Anzac graves - tending the gardens of our fallen
By the time the battlefields of Belgium fell silent in 1918, the landscapes were unrecognisable. Instead of wheat and potatoes, the land offered up a crop of bodies – in the Ypres area alone, there were nearly 200,000.
Today, Commonwealth War Graves Commission (CWGC) cemeteries are peaceful spots where the row on row of headstones are softened by colourful garden plantings.
In 1918, the Commission's founder Sir Fabian Ware brought together three eminent architects – Sir Edwin Lutyens, Sir Herbert Baker and Sir Reginald Blomfield – to plan the cemeteries and memorials. Although renowned English garden designer Gertrude Jekyll was never formally employed, she worked with Sir Edwin.
Her border plan is still used wherever climate allows:
* 15-25cm mowing strip to protect the headstones;
* borders 45-60cm wide containing the headstone;
* roses planted every two to four headstones (one variety per border);
* a front plant for interest;
* dot plants between roses and headstones;
* a low plant in front of each headstone (preventing soil splash but not obscuring the inscription);
* bulbs planted either side of rose bushes to give early interest.
Because of the number of blooms they produce, only Floribunda roses are used and gardeners deadhead throughout summer to encourage repeat flowering.
Among the varieties chosen for their compact size, health and vigour is 'Remembrance', a red rose named for the Commission by Harkness Roses. White roses are not used because they don't stand out against the headstones.
"It's about not being confronted by a sea of headstones but there was no template for anything like this. Every detail we take for granted now had to be worked out," Peter Francis, the Commission's media officer, says of the 700-hectares of gardens the CWGC cares for.
"Because the architects couldn't agree, Sir Frederic Kenyon of the British Museum was brought in. He wrote War Graves. How The Cemeteries Abroad Will Be Designed in 1918 and that pamphlet is still our guiding light.
“He had a vision of a dignified place for the dead – and the living – with horticulture to soften the masonry. There are deliberately no paved paths as the overall effect should be of a garden, the sort that the people buried there might recognise from home. 'Nothing gloomy' were Sir Frederic's words."
Sir Fabian also enlisted Sir Arthur Hill, assistant director at Kew Gardens, who in March 1916 headed to the Somme in northern France on the first of several trips to survey local flora and advise the Commission on endemic plants.
"Sir Arthur believed that using local flora was key," Francis says. "Field poppies, cornflowers, chamomile – the locals planting the first cemeteries in western Europe could use what was available to them, saving money and knowing the plants wouldn't fail."
Sometimes, the plant choices subtly reflect a cemetery's burials – plants from Nepal in Gurkha cemeteries or maples to commemorate Canadians. The Ramparts cemetery in central Ypres, the resting place of several members of the Māori Battalion killed in 1917, includes New Zealand flax.
"It's an extra endeavour that people don't always notice but we like doing," Francis says. "Our gardens must help create a place conducive to remembrance as well as offer colour, texture, height variety and succession flowering, which can get challenging outside western Europe."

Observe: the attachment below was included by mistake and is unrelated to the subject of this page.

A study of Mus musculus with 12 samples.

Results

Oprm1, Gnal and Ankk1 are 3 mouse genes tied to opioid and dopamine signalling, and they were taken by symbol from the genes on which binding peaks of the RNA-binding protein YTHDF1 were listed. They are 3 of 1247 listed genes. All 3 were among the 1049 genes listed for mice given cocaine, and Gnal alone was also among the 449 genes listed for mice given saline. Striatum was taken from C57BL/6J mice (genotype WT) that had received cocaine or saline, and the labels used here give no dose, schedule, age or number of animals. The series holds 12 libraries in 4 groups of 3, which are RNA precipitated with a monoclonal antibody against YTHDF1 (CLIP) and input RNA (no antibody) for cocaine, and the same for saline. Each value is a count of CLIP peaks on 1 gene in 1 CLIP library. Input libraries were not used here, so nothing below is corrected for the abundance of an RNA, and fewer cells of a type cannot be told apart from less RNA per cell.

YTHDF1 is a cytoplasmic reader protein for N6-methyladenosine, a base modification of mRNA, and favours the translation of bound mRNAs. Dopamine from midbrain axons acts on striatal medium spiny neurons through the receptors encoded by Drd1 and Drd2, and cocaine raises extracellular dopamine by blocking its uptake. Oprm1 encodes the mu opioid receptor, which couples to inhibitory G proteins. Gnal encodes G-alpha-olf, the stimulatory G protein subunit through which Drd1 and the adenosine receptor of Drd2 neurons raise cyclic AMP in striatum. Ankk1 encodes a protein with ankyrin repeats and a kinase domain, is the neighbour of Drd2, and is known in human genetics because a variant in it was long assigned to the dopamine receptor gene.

The desert cemeteries of El Alamein (Egypt) and Tobruk (Libya), for instance, don't have lawns and use drought-tolerant plants, including agaves, succulents and bougainvillaea.
The rocky Gallipoli peninsula in Turkey experiences snow in winter and temperatures exceeding 40°C in summer. The terrain means graves are marked by "pedestal" headstones set close to the ground, surrounded by lower-growing border plants.
"There is lawn in the Gallipoli cemetery," Peter says, "but we don't irrigate because water is such a scarce resource. So the lawn browns off as part of the natural cycle and re-greens when the rain arrives.
"Of our significant plants, the Lone Pine at Gallipoli is probably the most important. Unfortunately, it was damaged by fire 20 years ago and it's taken a huge amount of work to sustain it."
The Commission is in a unique position to chart climate change with regular reports flowing in from gardeners on six continents.
"In the Far East, for example, they're saying the wet season isn't as long and when it does rain it all comes all in one go, which has a devastating effect on plantings," Francis says. "The last northern summer was the driest on record in what had been the Western Front (Luxembourg, Belgium and France) and we lost one in three border plants – and when you measure your borders in kilometres, that's a significant loss."
Since World War 1 centenary events began in 2014, all the western Europe cemeteries have seen record numbers of visitors – 350,000 people a year at Tyne Cot alone.
"A couple of million pairs of feet creating wear and tear is a nice problem to have," Francis says. "A pristine cemetery with no visitors is not what we want."
The Commission finally finished its final World War 1 memorial in 1938… "and then we had to start all over again".
This story originally appeared in the NZ Gardner magazine. You can check out more of Sandra Simpson’s writing here.